Jewish World Review August 26, 2002 / 18 Elul, 5762
culture n. … the ideas, customs, skills, arts. etc. of a people or group, that are transferred, communicated, or passed along, as in or to succeeding generations "Webster's"
There are those who love Wal-Mart and those who endure it. (They often wind up marrying each other.)
To call some of us Wal-Mart-averse would be an understatement. My personal vision of Hell is a huge Wal-Mart with no way out, a gigantic maze of stuff, stuff, stuff forever crowding in, while other lost souls run over you with their shopping carts, their glazed eyes registering only what's on the shelves.
Then there are those who see in Wal-Mart not a vision of Hell but the heavenly city itself. Out of respect for equal time, I quote David Brooks, author of "Bobos in Paradise," and the Thorstein Veblen of the '90s:
"You stand at one end of an aisle and look down the length of a Wal-Mart Super Center and you've got affordable plenty as far as the eye can see. There are glitter lava lamps, 'The Prayer of Jabez' inspirational books, Inca-design polyester place mats, Secret Treasures see-through panties, schools of blue gurami in the fish department and DripMoist Vegetable Garden Soaker Systems in the garden department. … Here at Wal-Mart all human desires are organized, categorized and shelved -- available in one vast and friendly place, with ample parking."
Yes, precisely. A vision of Hell. It could be the Resident World Controller explaining Aldous Huxley's "Brave New World" to the Savage.
So it was with dread that I went to Wal-Mart's annual shareholders' meeting, pep rally, rock concert, Power Point Presentation, political convention and tent revival, expecting a Wal-Mart store on steroids.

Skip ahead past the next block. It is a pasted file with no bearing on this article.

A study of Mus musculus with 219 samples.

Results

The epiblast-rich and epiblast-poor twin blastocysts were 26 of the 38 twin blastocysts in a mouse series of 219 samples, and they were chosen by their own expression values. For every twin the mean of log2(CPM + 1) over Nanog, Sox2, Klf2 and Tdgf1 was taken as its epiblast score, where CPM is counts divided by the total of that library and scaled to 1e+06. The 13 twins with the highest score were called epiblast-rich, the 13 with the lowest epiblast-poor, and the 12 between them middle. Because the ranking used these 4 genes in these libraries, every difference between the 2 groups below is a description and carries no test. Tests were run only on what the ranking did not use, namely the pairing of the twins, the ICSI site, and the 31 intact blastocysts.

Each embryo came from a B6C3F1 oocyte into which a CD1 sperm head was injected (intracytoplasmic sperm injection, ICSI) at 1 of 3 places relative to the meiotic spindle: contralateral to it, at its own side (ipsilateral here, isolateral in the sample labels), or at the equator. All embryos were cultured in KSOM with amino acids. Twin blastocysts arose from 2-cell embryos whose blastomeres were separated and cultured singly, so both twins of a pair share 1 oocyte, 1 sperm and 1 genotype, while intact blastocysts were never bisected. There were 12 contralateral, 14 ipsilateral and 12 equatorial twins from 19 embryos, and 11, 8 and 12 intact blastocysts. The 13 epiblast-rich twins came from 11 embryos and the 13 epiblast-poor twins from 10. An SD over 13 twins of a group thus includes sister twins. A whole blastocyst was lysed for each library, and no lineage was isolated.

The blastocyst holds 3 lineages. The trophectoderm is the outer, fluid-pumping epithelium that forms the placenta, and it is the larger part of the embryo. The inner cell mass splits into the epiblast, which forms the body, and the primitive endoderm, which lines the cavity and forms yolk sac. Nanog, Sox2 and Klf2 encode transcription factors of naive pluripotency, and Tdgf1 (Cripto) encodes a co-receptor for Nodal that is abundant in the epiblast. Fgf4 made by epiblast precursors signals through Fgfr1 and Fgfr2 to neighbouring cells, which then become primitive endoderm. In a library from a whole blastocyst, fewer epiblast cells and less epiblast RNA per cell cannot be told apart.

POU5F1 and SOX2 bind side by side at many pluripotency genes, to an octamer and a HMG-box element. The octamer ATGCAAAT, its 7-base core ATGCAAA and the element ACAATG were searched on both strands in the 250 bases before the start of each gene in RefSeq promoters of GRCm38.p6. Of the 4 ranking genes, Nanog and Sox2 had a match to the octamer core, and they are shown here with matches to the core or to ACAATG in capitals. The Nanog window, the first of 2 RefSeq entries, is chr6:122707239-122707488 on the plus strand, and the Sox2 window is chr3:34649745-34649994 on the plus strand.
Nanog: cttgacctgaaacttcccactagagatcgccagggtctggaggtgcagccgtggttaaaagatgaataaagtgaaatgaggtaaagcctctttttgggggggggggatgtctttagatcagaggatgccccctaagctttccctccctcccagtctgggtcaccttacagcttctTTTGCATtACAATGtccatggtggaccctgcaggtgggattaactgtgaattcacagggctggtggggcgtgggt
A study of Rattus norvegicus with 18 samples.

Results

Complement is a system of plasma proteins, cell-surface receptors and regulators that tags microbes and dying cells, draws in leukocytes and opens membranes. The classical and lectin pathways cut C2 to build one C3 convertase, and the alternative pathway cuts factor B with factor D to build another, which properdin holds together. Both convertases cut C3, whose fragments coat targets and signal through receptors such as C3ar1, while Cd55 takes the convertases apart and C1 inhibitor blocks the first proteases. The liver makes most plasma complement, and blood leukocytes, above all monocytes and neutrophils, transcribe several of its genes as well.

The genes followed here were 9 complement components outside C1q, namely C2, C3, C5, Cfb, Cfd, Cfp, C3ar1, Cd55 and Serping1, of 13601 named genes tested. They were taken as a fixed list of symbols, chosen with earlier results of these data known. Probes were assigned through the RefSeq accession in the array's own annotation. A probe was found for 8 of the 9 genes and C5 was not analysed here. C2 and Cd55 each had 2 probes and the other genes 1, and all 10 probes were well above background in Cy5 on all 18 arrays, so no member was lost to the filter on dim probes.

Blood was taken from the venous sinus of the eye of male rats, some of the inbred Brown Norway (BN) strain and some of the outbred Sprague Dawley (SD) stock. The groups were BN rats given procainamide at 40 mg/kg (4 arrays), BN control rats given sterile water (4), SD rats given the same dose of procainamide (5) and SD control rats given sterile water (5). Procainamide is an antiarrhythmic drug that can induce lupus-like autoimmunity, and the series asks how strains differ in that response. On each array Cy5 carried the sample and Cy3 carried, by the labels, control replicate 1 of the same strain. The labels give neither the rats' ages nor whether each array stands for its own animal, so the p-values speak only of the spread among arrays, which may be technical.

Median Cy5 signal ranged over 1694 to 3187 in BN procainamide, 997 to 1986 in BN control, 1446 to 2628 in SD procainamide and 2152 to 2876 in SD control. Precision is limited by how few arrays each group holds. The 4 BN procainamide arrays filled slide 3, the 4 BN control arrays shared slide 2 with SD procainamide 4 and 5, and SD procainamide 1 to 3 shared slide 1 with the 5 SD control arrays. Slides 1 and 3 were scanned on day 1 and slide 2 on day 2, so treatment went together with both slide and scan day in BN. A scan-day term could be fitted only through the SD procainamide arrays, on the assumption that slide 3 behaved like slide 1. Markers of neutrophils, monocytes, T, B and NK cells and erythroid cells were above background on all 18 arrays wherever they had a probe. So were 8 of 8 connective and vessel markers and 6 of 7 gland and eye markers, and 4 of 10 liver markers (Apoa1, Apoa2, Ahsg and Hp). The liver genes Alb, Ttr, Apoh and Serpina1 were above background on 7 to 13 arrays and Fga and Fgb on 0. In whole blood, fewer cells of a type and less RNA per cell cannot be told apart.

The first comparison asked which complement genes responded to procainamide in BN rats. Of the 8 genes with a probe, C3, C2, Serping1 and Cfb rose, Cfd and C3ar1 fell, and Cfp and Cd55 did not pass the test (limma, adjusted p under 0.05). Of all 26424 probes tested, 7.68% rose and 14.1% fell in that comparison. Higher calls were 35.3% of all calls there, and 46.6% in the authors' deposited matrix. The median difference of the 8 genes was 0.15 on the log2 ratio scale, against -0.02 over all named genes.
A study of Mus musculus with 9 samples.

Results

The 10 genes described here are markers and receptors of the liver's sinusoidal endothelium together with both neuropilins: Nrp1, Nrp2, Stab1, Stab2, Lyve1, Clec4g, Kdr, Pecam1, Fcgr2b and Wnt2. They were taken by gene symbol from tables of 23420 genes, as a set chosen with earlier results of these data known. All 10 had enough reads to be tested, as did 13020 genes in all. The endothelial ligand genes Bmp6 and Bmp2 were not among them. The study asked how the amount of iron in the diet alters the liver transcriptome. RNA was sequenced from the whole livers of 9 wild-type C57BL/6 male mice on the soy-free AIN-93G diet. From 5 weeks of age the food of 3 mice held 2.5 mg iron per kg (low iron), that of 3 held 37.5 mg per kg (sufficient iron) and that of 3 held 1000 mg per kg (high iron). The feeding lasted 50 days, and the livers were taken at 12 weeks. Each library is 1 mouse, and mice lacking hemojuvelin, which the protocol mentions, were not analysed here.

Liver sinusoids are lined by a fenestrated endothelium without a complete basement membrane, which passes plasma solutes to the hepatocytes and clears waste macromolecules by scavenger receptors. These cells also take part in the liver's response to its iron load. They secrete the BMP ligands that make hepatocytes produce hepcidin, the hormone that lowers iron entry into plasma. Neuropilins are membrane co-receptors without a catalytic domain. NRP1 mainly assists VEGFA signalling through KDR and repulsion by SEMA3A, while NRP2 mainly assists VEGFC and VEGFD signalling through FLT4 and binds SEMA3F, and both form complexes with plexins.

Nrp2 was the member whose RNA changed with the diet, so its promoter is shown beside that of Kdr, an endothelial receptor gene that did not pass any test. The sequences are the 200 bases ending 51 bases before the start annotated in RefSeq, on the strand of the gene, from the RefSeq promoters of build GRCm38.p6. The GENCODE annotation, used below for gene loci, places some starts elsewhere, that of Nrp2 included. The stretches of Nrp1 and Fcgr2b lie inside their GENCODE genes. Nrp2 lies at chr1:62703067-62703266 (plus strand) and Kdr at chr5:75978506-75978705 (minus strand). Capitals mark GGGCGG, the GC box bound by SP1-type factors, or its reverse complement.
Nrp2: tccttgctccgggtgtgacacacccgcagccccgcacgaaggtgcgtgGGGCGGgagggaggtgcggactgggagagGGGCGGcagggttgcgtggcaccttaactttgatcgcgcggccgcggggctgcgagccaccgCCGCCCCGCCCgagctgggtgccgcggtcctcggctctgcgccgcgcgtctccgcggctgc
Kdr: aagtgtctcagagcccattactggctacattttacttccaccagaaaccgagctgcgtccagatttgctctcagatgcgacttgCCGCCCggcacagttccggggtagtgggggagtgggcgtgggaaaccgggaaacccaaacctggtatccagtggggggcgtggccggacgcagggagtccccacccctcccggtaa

Jammed into Bud Walton Arena in Fayetteville, Ark., were some 20,000 selected Associates (never called employees), shareholders, and observers -- including the indispensable financial analysts from Up East. All the elements were in Super Center place as the cast of thousands went into lights, camera, action:
Lee Greenwood sang "God Bless the U.S.A.," quarterbacks from Johnny Unitas to Joe Montana filled the stage, and supermodel Cindy Crawford joined Chairman David Glass in leading the official Wal-Mart cheer. It was something to see, once. David Brooks, that sociologist of merchandising, would've loved it. I did, too, not having to shop for a thing.
The grand Parade of Nations was like the opening of the Olympics. Down the aisle, in alphabetical order, waving their flags, came a delegation from wherever Wal-Mart now has stores -- Argentina, Brazil, Canada, China, Germany, Korea, Mexico, Puerto Rico, the United Kingdom, and the U. S. of A. It was like the United Nations, only with a productive purpose.
I left this revival meeting the way I do a Wal-Mart, glad it was over and a little dizzy. The overwhelming impression was of size, growth and American superabundance. At last report, Wal-Mart had 1,614 stores, 1,133 Supercenters, 509 SAM'S CLUBS (always officially capitalized) and 33 Neighborhood Markets just in this country.
On the Fortune 500, Wal-Mart leads all the rest, with $218 billion in sales last fiscal year. Sales increased 14 percent the first quarter of this fiscal year. And just this week, Wal-Mart announced a 26 percent increase during a tough second quarter for retailers in general.
How does Wal-Mart do it? Maybe the explanation can be found in the theme of this year's meeting: The Wal-Mart Culture. Its elements were outlined for the 20,000 the way a Sunday School lesson might break some miraculous scripture into constituent parts. In Wal-Mart's case, the explanation for all its loaves and fishes are: Excellence. Customer service. Integrity. Community involvement. Respect for the individual.
But we all know that every official culture is the reverse image of what it is designed to overcome. The way the Greeks stressed moderation because they were given to passion. The same applies to Wal-Mart's world:
Wal-Mart respects the individual as part of its worldwide uniformity. It seeks excellence, but at the right price. (Its low prices have just been hailed as one explanation for the American economy's remarkable lack of inflation.) It's all for community involvement, but doesn't advertise in the local papers. It dubs its employees Associates the better to keep unions out.
At this year's Wal-Mart super rally, the year of Enron and Andersen, special attention was being paid to integrity, to transparency, to candor. Those are not only intrinsic values, they're much in demand just now by a wary stock market. And all those financial analysts were here shopping. Once again Wal-Mart was putting the customer first.